By Anne Rose
At first glance, the city of Foggia, which is also the capital of the province of Foggia, in Puglia, Southern Italy, could be any major urban capital. But scratch the surface, and you’ll find a rich history with cultural remnants from eons ago.
Emperor Frederick II left his mark on Foggia where remains of his palaces and castles from the 12th century still stand today. The historic treasures of subterranean vaults under the remains of one of Frederick’s palaces, called urban hypogea, can even be explored with only a free online reservation.
Retire in Foggia
The historical city center of Foggia has many beautiful examples of architecture through the ages. A lively farmers’ market, which draws vendors from all across Puglia, converge weekly to sell produce, meats and cheeses, housewares and linens, clothes, and furniture. You can outfit your entire house—and feed your hunger—with one trip to this popular market.
Foggia the town is not on many tourists’ radar because its appeal lies in its proximity to other provincial jewels, such as the Gargano Peninsula and the Tremiti Islands archipelago. As a capital city, it’s a comprehensive hub for trains and buses, so traveling throughout the Foggia province (and to other regions outside of Puglia) is easy and economical.
Lifestyle in Foggia
Foggia has a plethora of big and little shops, banks, pharmacies, parks—everything you’d need to live comfortably. And because of its transportation network, it’s an ideal base for exploring the greater Foggia province and all of the Puglia region. The Passo di Corvo lies only a couple of miles from the city’s limits; this 5000 to 7000-year-old Neolithic settlement was accidentally discovered during WWII and makes for an exciting and informative excursion as a living museum.
Cost of Living in Foggia
Its lack of popularity as a tourist town means a lower cost of living year-round. A 1,000 square foot unfurnished apartment can rent for $530 a month. A 900 square foot apartment, fully furnished two-bedroom, two-bathroom can be had for $560. With housing costing so little, you have more disposable income left over for the fun things of life, like eating, drinking, and exploring.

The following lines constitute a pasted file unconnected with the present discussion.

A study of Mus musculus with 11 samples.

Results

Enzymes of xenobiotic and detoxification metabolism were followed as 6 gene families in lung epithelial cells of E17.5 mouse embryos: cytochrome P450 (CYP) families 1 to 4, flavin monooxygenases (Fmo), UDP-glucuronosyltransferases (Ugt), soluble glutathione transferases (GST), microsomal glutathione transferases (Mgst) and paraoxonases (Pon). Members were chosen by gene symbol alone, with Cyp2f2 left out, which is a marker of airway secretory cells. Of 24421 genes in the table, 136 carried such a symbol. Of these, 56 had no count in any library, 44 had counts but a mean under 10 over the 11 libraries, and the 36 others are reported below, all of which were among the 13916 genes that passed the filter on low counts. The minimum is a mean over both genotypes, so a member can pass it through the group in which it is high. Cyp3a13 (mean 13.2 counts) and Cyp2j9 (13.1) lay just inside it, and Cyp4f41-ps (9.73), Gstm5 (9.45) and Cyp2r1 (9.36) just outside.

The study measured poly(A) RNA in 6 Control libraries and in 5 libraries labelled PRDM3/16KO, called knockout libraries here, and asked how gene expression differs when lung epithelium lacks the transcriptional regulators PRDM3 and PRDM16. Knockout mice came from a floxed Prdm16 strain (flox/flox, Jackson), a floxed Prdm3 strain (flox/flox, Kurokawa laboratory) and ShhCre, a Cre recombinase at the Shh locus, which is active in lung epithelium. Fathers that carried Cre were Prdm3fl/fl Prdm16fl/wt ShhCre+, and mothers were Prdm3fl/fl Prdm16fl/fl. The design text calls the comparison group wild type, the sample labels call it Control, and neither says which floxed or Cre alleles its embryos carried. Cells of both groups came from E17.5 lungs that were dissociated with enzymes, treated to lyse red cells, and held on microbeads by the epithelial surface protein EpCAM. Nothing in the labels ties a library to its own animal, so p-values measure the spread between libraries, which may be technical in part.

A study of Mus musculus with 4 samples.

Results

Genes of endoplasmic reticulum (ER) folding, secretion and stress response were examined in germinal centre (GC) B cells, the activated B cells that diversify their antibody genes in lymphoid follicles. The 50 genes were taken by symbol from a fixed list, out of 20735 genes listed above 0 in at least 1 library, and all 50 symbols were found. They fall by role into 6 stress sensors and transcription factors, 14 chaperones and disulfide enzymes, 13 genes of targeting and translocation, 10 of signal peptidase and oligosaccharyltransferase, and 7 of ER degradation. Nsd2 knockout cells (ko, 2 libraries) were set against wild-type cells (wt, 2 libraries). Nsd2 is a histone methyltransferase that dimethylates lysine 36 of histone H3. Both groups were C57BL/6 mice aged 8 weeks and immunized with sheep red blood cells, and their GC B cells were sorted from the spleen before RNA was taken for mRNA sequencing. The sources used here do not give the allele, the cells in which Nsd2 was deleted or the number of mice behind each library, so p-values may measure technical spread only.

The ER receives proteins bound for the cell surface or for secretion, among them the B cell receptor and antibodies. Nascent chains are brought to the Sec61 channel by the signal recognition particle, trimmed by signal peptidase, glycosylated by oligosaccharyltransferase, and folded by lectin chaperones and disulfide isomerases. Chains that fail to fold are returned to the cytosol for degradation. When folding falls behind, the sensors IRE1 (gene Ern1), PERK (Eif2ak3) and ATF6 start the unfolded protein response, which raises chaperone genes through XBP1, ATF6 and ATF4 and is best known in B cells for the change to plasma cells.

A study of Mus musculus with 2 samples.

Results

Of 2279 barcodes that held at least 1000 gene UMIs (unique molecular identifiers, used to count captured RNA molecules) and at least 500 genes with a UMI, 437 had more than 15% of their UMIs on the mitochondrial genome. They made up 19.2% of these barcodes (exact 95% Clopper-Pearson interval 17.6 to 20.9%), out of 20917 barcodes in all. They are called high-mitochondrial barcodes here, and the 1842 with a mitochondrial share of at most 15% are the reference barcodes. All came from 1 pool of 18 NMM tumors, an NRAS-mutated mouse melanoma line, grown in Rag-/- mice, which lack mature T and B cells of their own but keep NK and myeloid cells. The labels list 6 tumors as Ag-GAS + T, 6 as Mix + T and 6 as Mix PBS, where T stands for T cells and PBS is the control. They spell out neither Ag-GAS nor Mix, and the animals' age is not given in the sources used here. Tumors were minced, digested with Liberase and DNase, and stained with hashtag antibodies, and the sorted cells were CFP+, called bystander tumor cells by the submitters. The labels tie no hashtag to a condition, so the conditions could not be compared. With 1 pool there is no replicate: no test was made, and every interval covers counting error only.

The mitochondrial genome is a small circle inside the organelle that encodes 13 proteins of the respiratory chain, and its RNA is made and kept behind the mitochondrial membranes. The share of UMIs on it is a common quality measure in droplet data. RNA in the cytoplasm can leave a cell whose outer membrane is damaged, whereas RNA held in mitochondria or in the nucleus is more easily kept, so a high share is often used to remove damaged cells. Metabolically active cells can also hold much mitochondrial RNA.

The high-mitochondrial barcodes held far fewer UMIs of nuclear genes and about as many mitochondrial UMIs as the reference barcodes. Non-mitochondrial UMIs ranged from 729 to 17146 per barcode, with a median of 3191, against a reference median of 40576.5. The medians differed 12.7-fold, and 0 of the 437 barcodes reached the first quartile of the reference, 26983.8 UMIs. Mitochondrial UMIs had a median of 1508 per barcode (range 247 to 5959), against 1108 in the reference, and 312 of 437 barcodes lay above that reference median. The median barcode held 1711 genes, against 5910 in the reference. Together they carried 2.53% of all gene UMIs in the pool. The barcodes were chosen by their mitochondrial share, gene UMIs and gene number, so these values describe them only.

Food is inexpensive in Foggia, particularly if you shop like the locals at the farmers’ markets for your fresh produce, fresh fish, and fresh cheeses. Plus, large stores like Coop and Penny Market give you additional outlets in addition to your local macellerie (butcher shop) or caseifici (dairy farm) found throughout the city.
An abundance of snack bars, cafes, and trattorias in Foggia give you plenty of dining options depending on your mood and budget. Twelve-inch focaccias and pizzas cost less than $5 (large enough to share unless you’re like me). Puglia invented the ‘povera cuisine’ (poor people’s food) out of necessity, but fortunately, it’s delicious and healthy with its focus on fresh, local, and organically raised. In fact, it’s the real Mediterranean diet that is touted by health professionals.
The award-winning L’Orecchietta restaurant is worthy of your culinary attention for a special meal. It features authentic regional specialties and also showcases local historic tools in its museum. Quite unique. Quite delicious! Despite its extensive menu, you don’t have the problem of choosing; they bring it all to you! For $30 each, platter after platter of regional dishes are brought to your table. Slow roasted vegetables paired with fresh-made cheeses, garlicky artichoke hearts in fresh-pressed olive oil, fish, meats, antipasto platters, bottles of wine, and of course, desserts. Housed in a stone building, lined with shelves of antique pots and pans, this meal is a memorable experience.
Healthcare is also substantially cheaper than in the U.S. A doctor’s visit might set you back $30 to $60. Dental work and prescriptions are so reasonably priced as to be out-of-pocket, affordable expenditures. And if you become a legal resident, you can apply for the government healthcare card, which ranges from free to hundreds per year depending on a province-wide algorithm.
Below is a sample budget for a couple living in Foggia:
Fun Things to Do in Foggia
1. Stroll the Old Town, marvel at the gorgeous historic buildings, churches, and Frederick IIs castle, and explore the town’s ancient hypogea.
2. Tour the ornate cathedral of Foggia that dates to 1100.
3. Plan a shopping trip to the weekly farmers’ market, currently held at the multiplex theater complex, for all your household goods and foods. Or browse the interesting stalls for unusual icons of Foggia lifestyle.
4. Explore the ancient, Neolithic village of Passo di Corvo, a few miles outside town, and vividly imagine life from 5,000 plus years ago.
5. Spend a day or two, or three, visiting the Gargano Peninsula. The Parco del Gargano is a feast for nature lovers to hike or bike. There is also spiritual significance to be found at the Monte Sant’ Angelo and its Grotta Sacra (where it is believed the Archangel Michael appeared) and at the Abbey di Pulsano. Occasionally you can take iconography classes at the Abbey.
6. Take a day-trip ferry ride to the Tremiti Islands, the Adriatic’s only archipelago.